Plenković: Agreement on 2021-2027 MFF Should Be Reached as Soon as Possible

By 4 February 2020

ZAGREB, February 4, 2020 - Croatian Prime Minister Andrej Plenković has warned that EU member countries' leaders should reach a political agreement on the Multiannual Financial Framework (MFF) for the period 2021-2027 as soon as possible, so that the legislative part of the work could also be completed as soon as possible.

One should bear in mind that having a political agreement on the negotiating framework at the European Council is not enough, it is necessary to negotiate with the European Parliament the legislative part of the work as well, Plenković said in an interview with the politico.eu website during his visit to Portugal this past weekend, where he attended a meeting of the Friends of Cohesion informal group.

At the level of the European Council, the EU's highest political body made up of member-states' heads of state or government, a consensus needs to be reached regarding the amount of the budget for each year in the seven-year period as well as amounts for individual areas that are financed, such as cohesion, agriculture, research, etc.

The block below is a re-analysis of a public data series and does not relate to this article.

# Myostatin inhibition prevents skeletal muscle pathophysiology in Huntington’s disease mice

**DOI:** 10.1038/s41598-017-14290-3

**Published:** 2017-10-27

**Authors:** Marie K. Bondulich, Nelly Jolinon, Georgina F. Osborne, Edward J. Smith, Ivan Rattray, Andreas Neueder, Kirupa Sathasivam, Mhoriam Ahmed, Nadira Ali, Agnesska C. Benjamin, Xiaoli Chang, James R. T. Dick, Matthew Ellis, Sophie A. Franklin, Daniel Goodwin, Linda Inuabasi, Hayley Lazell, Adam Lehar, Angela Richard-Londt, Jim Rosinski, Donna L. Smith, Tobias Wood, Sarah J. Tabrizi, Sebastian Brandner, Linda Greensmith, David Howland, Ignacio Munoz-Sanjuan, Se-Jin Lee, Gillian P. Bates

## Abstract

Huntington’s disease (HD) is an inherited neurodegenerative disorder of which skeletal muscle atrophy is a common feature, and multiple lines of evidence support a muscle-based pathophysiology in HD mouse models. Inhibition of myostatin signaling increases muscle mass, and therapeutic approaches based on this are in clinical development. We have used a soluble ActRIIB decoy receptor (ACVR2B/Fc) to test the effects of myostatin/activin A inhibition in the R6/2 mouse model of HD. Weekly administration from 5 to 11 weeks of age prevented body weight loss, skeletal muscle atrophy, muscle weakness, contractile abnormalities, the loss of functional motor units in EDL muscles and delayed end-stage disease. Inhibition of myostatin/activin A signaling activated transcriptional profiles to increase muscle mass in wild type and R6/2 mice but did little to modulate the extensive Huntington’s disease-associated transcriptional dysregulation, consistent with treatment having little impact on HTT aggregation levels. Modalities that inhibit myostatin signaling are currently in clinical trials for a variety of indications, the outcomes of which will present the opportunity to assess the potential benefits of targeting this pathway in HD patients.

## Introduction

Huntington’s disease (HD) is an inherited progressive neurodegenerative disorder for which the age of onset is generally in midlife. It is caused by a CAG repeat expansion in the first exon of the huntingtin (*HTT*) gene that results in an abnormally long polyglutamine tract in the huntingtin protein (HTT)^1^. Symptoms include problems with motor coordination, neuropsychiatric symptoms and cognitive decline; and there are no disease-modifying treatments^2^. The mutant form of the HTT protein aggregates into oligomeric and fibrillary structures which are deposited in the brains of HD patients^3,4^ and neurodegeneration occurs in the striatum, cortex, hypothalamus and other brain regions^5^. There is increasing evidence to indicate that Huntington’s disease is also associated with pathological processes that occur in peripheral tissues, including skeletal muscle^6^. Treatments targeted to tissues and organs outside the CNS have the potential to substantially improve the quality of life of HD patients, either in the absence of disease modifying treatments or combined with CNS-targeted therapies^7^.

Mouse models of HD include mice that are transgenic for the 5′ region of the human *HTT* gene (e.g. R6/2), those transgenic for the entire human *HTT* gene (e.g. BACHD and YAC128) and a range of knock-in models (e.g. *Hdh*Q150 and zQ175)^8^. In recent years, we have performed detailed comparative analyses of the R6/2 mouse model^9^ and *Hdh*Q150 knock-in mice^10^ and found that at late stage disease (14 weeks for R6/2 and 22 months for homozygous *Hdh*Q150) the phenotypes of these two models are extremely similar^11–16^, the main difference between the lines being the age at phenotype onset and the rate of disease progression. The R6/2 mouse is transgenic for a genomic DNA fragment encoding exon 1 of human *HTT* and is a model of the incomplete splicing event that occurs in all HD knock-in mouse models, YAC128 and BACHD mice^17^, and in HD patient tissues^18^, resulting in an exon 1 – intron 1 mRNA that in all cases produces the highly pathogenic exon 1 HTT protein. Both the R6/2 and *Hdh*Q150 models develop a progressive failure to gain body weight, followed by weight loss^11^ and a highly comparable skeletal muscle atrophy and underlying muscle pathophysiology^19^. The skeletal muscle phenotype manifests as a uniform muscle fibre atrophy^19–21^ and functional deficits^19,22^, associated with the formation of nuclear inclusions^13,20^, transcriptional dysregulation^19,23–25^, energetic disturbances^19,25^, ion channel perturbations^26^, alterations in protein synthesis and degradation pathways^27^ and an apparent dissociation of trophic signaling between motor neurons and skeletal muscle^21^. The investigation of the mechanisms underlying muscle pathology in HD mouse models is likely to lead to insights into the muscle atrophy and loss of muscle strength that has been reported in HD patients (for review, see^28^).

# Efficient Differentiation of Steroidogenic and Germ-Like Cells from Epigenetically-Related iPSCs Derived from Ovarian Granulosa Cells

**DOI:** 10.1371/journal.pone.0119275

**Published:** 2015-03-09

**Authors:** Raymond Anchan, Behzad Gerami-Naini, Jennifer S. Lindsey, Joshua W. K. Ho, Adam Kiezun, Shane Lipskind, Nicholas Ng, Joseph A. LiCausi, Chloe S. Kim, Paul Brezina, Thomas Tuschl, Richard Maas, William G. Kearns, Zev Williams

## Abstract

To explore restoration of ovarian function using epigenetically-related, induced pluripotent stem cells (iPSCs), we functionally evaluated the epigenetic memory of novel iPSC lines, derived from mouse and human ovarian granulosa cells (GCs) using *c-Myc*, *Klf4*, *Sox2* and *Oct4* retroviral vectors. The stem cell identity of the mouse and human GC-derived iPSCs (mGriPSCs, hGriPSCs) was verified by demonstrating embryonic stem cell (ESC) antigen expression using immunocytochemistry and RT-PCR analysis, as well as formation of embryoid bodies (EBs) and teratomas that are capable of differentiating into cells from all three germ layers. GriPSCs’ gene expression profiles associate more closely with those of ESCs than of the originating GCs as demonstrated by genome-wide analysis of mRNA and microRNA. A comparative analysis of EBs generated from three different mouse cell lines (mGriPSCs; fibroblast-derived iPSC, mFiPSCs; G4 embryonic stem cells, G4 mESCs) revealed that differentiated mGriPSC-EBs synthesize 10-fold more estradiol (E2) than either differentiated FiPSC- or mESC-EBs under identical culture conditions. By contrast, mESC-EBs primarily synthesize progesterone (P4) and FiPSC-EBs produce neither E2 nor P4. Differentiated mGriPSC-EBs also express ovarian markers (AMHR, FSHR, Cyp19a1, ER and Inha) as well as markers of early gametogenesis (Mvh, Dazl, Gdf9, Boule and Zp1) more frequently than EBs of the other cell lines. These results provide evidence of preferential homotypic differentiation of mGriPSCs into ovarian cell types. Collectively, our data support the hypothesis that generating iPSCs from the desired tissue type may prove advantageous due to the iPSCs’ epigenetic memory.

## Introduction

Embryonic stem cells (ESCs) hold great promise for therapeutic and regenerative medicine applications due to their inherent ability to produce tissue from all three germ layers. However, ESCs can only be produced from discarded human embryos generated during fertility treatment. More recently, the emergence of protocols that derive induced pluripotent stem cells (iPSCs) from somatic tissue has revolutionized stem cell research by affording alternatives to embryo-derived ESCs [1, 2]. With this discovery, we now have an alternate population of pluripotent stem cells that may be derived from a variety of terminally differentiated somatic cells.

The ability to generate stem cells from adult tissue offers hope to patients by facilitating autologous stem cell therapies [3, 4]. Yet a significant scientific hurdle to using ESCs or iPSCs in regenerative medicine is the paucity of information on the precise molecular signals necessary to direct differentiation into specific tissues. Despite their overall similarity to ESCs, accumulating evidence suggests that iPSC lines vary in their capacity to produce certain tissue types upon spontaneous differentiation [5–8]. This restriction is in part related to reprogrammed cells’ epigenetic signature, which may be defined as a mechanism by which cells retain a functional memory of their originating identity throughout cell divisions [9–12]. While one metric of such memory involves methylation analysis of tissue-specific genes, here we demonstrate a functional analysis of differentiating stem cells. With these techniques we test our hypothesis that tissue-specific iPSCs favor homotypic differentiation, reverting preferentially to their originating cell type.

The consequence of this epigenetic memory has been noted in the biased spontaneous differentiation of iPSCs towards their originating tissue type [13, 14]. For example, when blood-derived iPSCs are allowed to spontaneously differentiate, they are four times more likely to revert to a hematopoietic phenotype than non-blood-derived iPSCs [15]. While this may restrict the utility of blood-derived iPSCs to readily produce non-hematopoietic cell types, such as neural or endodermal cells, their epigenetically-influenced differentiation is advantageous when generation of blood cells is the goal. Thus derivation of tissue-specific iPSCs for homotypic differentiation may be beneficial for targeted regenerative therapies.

After that, the Council of the EU and the European Parliament must agree on a set of legislative acts for the implementation of the MFF.

The meeting in Portugal was held three weeks ahead of an extraordinary meeting of the European Council, called by its president Charles Michel in an attempt to help reach a compromise on the EU's new seven-year budget.

The extraordinary summit, to be held on February 20, will give new political impetus to attempts to reach an agreement but it is too early to say if it will result in one, Plenković said.

Michel is in charge of preparing a draft agreement on the MFF, which Plenković says is good for Croatia as the country currently chairing the Council of the EU as it gives it more room to defend its own national interests.

Plenković repeated that for Croatia cohesion policy was extremely important, notably in light of the fact that Croatia was the youngest EU member and had so far used cohesion funds for a much shorter period of time than other members.